China’s Clock-Punching Hackers Show Spying as Routine JobTim Culpan
Five Chinese men indicted for stealing thousands of e-mails and documents from U.S. companies had classic hacker nicknames. Yet one thing made them different: their clock-punching day jobs.
Known by handles including UglyGorilla, WinXYHappy and KandyGoo, they worked from 8 a.m. to 6 p.m. with scheduled two-hour lunch breaks, according to a report by online security company FireEye Inc. Rarely working on weekends, the Shanghai-based team acted more like public servants than the stereotype of basement-dwelling loners working around the clock.
For about eight years, the group hacked into U.S. companies including Alcoa Inc., United States Steel Corp. and Westinghouse Electric Co. to steal “sensitive, internal communications,” the Department of Justice alleges. The hackers, all officers in Unit 61398 of the Third Department of the Chinese People’s Liberation Army, logged standard Chinese hours, rarely did overtime and almost never worked past midnight, according to FireEye research.
“They do treat it like a business, it’s not something that they treat like a hobby,” Bryce Boland, chief technology officer for Asia-Pacific at FireEye, said by phone. “They’re doing what they think of to be their job.”
The Justice Department charged Wang Dong, Sun Kailiang, Wen Xinyu, Huang Zhenyu and Gu Chunhui with economic espionage linked to computer hacking of American nuclear power, metals and solar companies.
The indictment, which was unsealed May 19, represents the first charges against a state actor for that type of hacking, U.S. Attorney General Eric Holder said in a statement.
The Chinese government rejected the charges as “absurd.”
Mandiant, a cybersecurity provider bought by FireEye in January, tracked connections made by members of Unit 61398 to the remote servers they used to hack into target networks.
The research showed a spike in logins at 8 a.m. and again at 2 p.m., when Chinese workers finish their lunch break. About 75 percent of connections took place between 8 a.m. and midday or from 2 p.m. to 6 p.m., FireEye said in a blog post.
About 98 percent of logins took place on weekdays and 1.2 percent occurred in the period between midnight and 7 a.m. China time, FireEye said.
Mandiant first identified a Chinese hacking group it called APT1 in February last year, saying it attacked at least 141 companies globally since 2006. The company’s data matches that of the Justice Department.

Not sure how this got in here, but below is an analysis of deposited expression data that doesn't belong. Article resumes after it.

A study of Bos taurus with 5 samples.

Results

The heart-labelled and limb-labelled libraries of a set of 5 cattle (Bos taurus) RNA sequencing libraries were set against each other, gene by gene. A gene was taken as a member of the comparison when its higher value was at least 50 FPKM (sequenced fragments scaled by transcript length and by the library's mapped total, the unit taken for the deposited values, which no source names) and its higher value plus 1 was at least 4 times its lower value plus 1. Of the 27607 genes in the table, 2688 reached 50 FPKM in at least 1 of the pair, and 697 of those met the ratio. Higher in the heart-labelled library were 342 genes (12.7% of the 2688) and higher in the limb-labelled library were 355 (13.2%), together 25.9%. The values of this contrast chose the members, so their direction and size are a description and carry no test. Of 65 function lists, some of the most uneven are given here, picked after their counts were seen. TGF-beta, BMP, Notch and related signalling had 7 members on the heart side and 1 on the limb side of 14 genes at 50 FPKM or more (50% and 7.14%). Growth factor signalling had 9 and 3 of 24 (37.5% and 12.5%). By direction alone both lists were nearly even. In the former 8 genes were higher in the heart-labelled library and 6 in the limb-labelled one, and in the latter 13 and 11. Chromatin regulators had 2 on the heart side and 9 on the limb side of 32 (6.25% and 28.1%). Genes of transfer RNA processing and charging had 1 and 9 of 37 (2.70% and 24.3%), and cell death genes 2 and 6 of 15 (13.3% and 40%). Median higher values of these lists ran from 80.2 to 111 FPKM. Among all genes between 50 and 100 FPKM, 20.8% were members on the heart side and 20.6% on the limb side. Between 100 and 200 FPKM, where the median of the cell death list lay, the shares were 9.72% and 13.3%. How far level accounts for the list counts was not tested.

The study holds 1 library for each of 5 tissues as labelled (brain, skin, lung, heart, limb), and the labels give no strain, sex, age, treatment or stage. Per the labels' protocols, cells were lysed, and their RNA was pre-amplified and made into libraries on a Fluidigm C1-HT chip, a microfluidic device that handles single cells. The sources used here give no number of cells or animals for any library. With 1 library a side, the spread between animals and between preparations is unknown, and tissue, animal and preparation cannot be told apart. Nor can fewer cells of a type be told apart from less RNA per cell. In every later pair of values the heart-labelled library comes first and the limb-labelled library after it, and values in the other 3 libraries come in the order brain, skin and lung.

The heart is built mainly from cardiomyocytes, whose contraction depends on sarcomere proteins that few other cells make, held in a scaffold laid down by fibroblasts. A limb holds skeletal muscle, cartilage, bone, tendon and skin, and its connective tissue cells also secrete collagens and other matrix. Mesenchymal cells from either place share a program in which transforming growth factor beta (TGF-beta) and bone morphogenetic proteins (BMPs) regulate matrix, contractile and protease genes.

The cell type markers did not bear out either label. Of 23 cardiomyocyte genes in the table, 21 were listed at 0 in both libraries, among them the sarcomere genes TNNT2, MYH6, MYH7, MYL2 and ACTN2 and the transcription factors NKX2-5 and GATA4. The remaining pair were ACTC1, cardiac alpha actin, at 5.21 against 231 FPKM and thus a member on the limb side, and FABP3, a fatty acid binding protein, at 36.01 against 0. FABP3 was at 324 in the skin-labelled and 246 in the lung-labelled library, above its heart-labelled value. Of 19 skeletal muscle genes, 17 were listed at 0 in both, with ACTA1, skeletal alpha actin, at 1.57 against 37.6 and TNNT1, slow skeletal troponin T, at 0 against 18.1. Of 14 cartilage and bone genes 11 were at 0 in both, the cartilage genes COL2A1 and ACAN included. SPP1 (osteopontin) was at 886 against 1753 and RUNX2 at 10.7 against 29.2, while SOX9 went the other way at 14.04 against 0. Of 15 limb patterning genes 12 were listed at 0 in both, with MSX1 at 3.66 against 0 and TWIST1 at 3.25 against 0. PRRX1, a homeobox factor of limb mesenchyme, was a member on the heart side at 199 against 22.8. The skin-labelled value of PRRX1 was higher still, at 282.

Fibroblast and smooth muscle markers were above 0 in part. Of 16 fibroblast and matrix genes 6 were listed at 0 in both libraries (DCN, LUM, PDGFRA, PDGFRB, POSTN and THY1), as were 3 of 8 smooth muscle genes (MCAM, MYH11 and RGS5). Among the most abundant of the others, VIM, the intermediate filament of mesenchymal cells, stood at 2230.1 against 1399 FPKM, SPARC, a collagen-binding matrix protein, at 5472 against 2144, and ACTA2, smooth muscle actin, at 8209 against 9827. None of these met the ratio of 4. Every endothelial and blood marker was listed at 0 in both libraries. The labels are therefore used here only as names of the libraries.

“These data sets show that APT1 is either operating in China during normal Chinese business hours or that APT1 is intentionally going to painstaking lengths to look like they are,” FireEye said.
The military hacking team, which probably numbers in the hundreds, also appears to be very structured in terms of job skills and functions, Boland said.
Some members write code, creating the tools for hacking into remote networks, while others identify targets and information that is being sought, he said. Another group may be responsible for taking a more strategic role in directing proceedings, according to Boland.
At the front line are operators, the foot soldiers who use the tools and targets given to them to break into networks and collect data.
The five men identified by the U.S., with photographs, are unlikely to be the most-senior members of China’s hacking army, but instead are operators, logging on in the morning and heading home at night. The fact that the U.S. named them may be no accident.
“They are probably just cogs in a much bigger, broader program, and this is probably the first shot across the bow by the U.S.,” Boland said.
Wang Dong, also known as UglyGorilla, gained unauthorized access to at least one U.S. Steel computer in February 2010 and from there stole a virtual map -- host names and descriptions -- of more than 1,700 of the company’s computers, U.S. prosecutors allege.
In another case, the Justice Department said Sun Kailiang, who also has the moniker Jack Sun, stole proprietary technical and design specifications for piping from Westinghouse, the nuclear reactor arm of Tokyo-based Toshiba Corp.
The Chinese government denied engaging in economic espionage and warned that the charges would harm relations with the U.S. The five men couldn’t be contacted for comment, and Chinese Defense Ministry officials haven’t responded to questions faxed on May 23.
China is pushing domestic banks to remove high-end servers made by International Business Machines Corp. and replace them with a local brand, according to people familiar with the matter.
Government agencies, including the People’s Bank of China and the Ministry of Finance, are reviewing whether Chinese commercial banks’ reliance on IBM servers compromises the country’s financial security, said the four people, who asked not to be identified because the review hasn’t been made public.